By Laura Pokrzywa
One of your managers reports that an expensive tool is missing from the shop floor. It was in place this morning, but shortly after lunch it’s nowhere to be found. Can you search the work areas and bags of employees from that area?
If you have ever attempted to search an employee’s desk, locker or emails, you may have been questioned about your right to conduct that search. “What about the employee’s ‘right to privacy’?” In fact, there is no clear cut “right to privacy” when it comes to searches. (There is, however, clear mandates protecting an employee’s private health information. But that’s a whole other topic.) When protesting workplace searches, some people will incorrectly cite the Fourth Amendment of our United States Constitution which protects citizens from unreasonable searches by government. But it says nothing about private employers searching their own employees on company premises.
4th Amendment to the U.S. Constitution – Search and Seizure (Ratified 12/15/1791)
The right of the people to be secure in their persons, houses, papers, and effects, against unreasonable searches and seizures, shall not be violated, and no Warrants shall issue, but upon probable cause, supported by Oath or affirmation, and particularly describing the place to be searched, and the persons or things to be seized.
That being said, employers most certainly do not have free reign over employees while they are on company property. Though the laws remain vague, court decisions have laid some clear guidelines for employers to follow.
The courts continue to evaluate workplace privacy claims on two key criteria: the employer’s legitimate justification for conducting a search vs. the employee’s reasonable expectation of privacy. For example, in the question above, the missing tool could be considered a legitimate justification for a search, especially given it went missing that same day. In addition, the employer would have diminished the employees’ expectations of privacy if it had a written policy warning employees of the possibility of searches and clearly stating what employer-owned property may be subject to a search.. Such considerations would probably put the employer on solid ground in the courts’ eyes. However, if the same company had never published a written policy regarding searches, or had never conducted searches in the past, it could be argued that those employees had a reasonable expectation of privacy and that could go against the employer in court.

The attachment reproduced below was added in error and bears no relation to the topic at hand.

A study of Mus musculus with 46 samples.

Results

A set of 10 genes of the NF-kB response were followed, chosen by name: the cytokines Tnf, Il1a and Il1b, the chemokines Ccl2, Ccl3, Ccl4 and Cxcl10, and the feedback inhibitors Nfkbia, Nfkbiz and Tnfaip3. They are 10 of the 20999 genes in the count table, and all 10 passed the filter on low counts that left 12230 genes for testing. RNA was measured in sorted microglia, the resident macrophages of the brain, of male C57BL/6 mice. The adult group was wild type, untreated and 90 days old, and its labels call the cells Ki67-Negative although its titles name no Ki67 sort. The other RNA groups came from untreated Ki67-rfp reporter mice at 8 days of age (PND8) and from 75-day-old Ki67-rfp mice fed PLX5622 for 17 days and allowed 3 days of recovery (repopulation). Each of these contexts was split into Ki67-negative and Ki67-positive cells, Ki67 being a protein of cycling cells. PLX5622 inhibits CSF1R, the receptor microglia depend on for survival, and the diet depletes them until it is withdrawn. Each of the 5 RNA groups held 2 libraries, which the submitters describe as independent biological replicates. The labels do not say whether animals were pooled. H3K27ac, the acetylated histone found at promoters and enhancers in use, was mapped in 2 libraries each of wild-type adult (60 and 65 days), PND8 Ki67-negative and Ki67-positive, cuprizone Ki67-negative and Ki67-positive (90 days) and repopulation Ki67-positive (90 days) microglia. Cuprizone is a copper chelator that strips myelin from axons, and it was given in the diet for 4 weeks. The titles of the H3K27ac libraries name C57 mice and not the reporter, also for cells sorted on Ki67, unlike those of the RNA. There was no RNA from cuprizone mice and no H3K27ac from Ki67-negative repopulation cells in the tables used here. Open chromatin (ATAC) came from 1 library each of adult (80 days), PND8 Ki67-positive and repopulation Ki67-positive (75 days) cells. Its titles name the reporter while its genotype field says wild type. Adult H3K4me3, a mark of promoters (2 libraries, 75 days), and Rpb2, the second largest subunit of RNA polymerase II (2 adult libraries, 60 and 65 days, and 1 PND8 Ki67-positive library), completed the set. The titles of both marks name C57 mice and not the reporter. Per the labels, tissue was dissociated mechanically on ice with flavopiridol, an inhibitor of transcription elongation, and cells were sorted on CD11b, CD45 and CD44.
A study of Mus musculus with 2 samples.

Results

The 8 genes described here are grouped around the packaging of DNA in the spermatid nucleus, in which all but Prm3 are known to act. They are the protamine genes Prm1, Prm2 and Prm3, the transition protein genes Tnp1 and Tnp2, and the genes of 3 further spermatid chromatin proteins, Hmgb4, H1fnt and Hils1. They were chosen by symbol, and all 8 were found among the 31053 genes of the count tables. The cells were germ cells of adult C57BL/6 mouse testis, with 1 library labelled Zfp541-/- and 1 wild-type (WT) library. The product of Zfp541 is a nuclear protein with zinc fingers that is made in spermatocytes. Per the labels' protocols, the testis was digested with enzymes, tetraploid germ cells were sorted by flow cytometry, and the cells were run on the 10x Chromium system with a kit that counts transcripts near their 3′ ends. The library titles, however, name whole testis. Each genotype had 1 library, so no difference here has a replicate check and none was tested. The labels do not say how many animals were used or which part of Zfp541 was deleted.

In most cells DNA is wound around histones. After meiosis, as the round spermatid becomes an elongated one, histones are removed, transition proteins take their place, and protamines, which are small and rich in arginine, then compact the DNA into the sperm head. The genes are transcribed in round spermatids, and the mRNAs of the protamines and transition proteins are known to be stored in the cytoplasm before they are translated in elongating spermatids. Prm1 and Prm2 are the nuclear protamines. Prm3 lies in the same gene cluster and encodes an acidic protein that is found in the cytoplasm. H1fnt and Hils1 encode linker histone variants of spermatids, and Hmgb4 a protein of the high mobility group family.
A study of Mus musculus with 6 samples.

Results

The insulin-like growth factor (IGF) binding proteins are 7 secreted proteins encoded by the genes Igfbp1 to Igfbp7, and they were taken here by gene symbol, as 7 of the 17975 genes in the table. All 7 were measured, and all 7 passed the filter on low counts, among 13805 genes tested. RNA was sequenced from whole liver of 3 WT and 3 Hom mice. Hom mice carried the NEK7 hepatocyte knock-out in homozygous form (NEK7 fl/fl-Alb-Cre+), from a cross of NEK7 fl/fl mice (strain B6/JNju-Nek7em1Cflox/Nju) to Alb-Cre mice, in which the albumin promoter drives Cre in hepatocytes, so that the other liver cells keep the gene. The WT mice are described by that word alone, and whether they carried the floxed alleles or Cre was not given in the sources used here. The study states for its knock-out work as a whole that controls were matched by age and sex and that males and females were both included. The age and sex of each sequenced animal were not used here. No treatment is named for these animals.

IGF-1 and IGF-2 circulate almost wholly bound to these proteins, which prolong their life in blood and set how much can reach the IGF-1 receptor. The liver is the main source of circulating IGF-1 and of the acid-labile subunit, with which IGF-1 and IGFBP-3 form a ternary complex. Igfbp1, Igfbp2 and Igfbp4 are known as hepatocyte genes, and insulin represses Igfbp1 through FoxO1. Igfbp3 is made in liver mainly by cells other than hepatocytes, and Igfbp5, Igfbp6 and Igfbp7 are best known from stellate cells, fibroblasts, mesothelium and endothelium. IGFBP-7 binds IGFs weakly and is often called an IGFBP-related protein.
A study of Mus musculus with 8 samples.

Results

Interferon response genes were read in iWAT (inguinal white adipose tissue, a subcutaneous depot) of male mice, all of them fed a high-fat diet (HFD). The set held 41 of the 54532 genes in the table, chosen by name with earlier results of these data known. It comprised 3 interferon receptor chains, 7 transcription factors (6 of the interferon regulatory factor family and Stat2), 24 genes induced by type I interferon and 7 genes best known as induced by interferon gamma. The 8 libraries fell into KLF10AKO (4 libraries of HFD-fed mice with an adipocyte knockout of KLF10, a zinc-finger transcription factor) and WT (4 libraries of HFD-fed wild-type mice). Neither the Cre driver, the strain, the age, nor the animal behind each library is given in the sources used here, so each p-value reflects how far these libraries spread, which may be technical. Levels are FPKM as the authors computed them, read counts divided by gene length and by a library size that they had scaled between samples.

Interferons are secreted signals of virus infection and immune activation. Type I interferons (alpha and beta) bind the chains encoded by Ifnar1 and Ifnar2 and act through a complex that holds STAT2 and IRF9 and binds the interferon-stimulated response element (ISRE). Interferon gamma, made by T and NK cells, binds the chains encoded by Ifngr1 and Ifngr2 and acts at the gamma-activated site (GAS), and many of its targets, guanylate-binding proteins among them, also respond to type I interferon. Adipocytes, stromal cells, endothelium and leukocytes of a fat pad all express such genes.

Since you can’t always be sure of your ground, it is best to be very careful before you begin any investigation. Here are some best practices to keep in mind:
· Before you search, consider the potential consequences vs. the potential payoff. Does this involve an immediate threat to employees’ safety? Is it worth the possible legal issues? Is it worth the impact it may have on employee morale?
· Make sure you have a legitimate business need to conduct the search.
· Reduce employees’ expectations of privacy.
o Have a written policy in place! This isn’t the first time we’ve said this. And it won’t be the last. Written policies establish expectations and procedures. This one should clearly state that the company reserves the right to conduct searches if the company deems it necessary.
o Supervisors should have a copy of keys or combinations to locks used on an employee’s locker, desk, files, etc. Otherwise, they will make a reasonable assumption that the company has no intention of ever accessing that locker or desk.
o Be sure to post clear warnings in any areas using surveillance cameras.
· Turn over every stone before you search employees. Don’t arbitrarily search everyone’s areas if possible. In the case of theft, for example, check attendance logs and work schedules to narrow the population of employees who might have had access or opportunity.
· Never touch employees without their consent! If you suspect an employee is hiding something on his/her body, do NOT insist on a pat down and do NOT attempt to take any bag that may be “attached to his/her person”. If it comes to that, let police handle it. And remember, you cannot hold employees against their will (i.e., make them wait until police arrive or until someone confesses).
· Know your state’s laws: Some states have laws that give employees very specific privacy rights (such as limiting the use and location of surveillance cameras or one-way mirrors).
· Ask Human Resources or another member of management to witness any searches.
Though a search of employees’ emails, desks or other property is certainly a last resort, it is sometimes necessary. Like so many other things, it is best to prepare for such an event before it happens. If you need help with a written policy or have any questions regarding workplace investigations or searches, please contact us through our website, www.eastcoastrm.com, via email at email@example.com or by calling us at 724-864-8745.